Aug. 12th, 2009 at 4:21 pm
It’s pretty obvious that I’m nobody special, but I do have some memories of some pretty special people. For some reason, I’ve been thinking about my old professor, the late Eugene England, and I thought I’d share some memories of him here.
I had always wanted to take his class when I was at BYU, but they always were either full or didn’t work with my class schedule. When I came back from my mission and enrolled at the University of Utah, I was surprised but delighted to discover that Eugene England was teaching a class there, through an extension center. I signed up right away, and the class was full of traditional students like me, as well as some amateur enthusiasts (I mean that in the best sense of the word) including one superannuated Seventy.
We asked him how he came to teach at BYU’s rival, and he said he had some friends in the U’s English department who suggested it. He said it was amazing what teaching at a different University could do to one’s reputation. Merely driving 40 miles further to teach the same class could transform him from an apostate Mormon liberal to an upholder of the oppressive, fascist religious patriarchy.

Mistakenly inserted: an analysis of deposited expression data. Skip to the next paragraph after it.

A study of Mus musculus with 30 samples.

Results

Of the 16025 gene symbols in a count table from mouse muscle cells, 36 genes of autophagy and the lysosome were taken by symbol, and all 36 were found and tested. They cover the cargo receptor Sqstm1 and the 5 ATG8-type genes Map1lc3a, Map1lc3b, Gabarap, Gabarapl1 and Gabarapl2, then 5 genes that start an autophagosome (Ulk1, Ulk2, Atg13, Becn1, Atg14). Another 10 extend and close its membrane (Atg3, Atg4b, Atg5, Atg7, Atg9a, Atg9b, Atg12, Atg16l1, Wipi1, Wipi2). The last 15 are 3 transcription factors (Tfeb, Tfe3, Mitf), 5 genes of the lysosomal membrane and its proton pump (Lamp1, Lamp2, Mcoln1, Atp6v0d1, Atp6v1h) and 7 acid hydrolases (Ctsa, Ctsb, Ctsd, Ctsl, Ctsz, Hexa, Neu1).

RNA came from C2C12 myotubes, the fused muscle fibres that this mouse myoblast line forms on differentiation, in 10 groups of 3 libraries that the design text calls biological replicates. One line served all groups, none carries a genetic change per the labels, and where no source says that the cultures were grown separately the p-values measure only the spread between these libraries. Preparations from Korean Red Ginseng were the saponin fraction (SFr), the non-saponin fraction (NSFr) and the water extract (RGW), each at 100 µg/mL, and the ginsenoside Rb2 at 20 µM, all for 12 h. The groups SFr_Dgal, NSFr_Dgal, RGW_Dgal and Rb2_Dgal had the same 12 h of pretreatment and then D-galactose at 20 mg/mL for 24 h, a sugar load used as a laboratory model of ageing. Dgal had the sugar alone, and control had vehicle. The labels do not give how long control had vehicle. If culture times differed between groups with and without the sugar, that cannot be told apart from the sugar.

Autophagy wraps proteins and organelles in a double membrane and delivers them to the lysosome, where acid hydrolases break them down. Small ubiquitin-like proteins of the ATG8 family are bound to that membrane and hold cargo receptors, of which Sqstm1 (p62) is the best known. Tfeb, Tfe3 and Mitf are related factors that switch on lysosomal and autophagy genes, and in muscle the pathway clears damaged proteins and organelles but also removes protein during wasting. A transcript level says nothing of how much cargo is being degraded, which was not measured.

I had read much of his work before, but until this class, I had never read his essay “Easter Weekend.” I was awestruck. I had never ready anything so personal and yet so full of the Spirit. After class one day, I asked him a question. Keeping in mind this is a paraphrase from memory over a decade old, it went something like this:
Me: It seems like a common thread in all of your writing is affirming your faith. Do you see your writing as a way to bear your testimony of the gospel?
England: No. I mean, that is nice, but there has to be a dedication and loyalty to craft, and in my professional work that is paramount. I do want the piece to be faith-promoting, but even more, it has to be good.
I was a bit taken aback by his answer, but it has stuck with me more than anything else I learned that semester. Oscar Wilde said that all bad poetry is sincere, and I think it is the same thing with bad religion. Just because something is heartfelt doesn’t mean it’s good or effective. Or true, for that matter. It’s the same thing that Hugh Nibley railed against in his speech, “Zeal Without Knowledge.”
That’s the double entendre in England’s book The Quality of Mercy–in order for something to be truly merciful, it has to be of sufficient quality. If Bonhoffer criticized “cheap grace,” then its sister must be kitsch mercy–all mushy, slobbery, teary-eyed, but without saving power.
The lesson he taught me I have strived to live, in what I write, and in what I do. I have no idea how Professor England would view the blogging medium, still less my writing here. However poor quality my contributions are, I can at least say, they are the better for having been a student of Eugene England.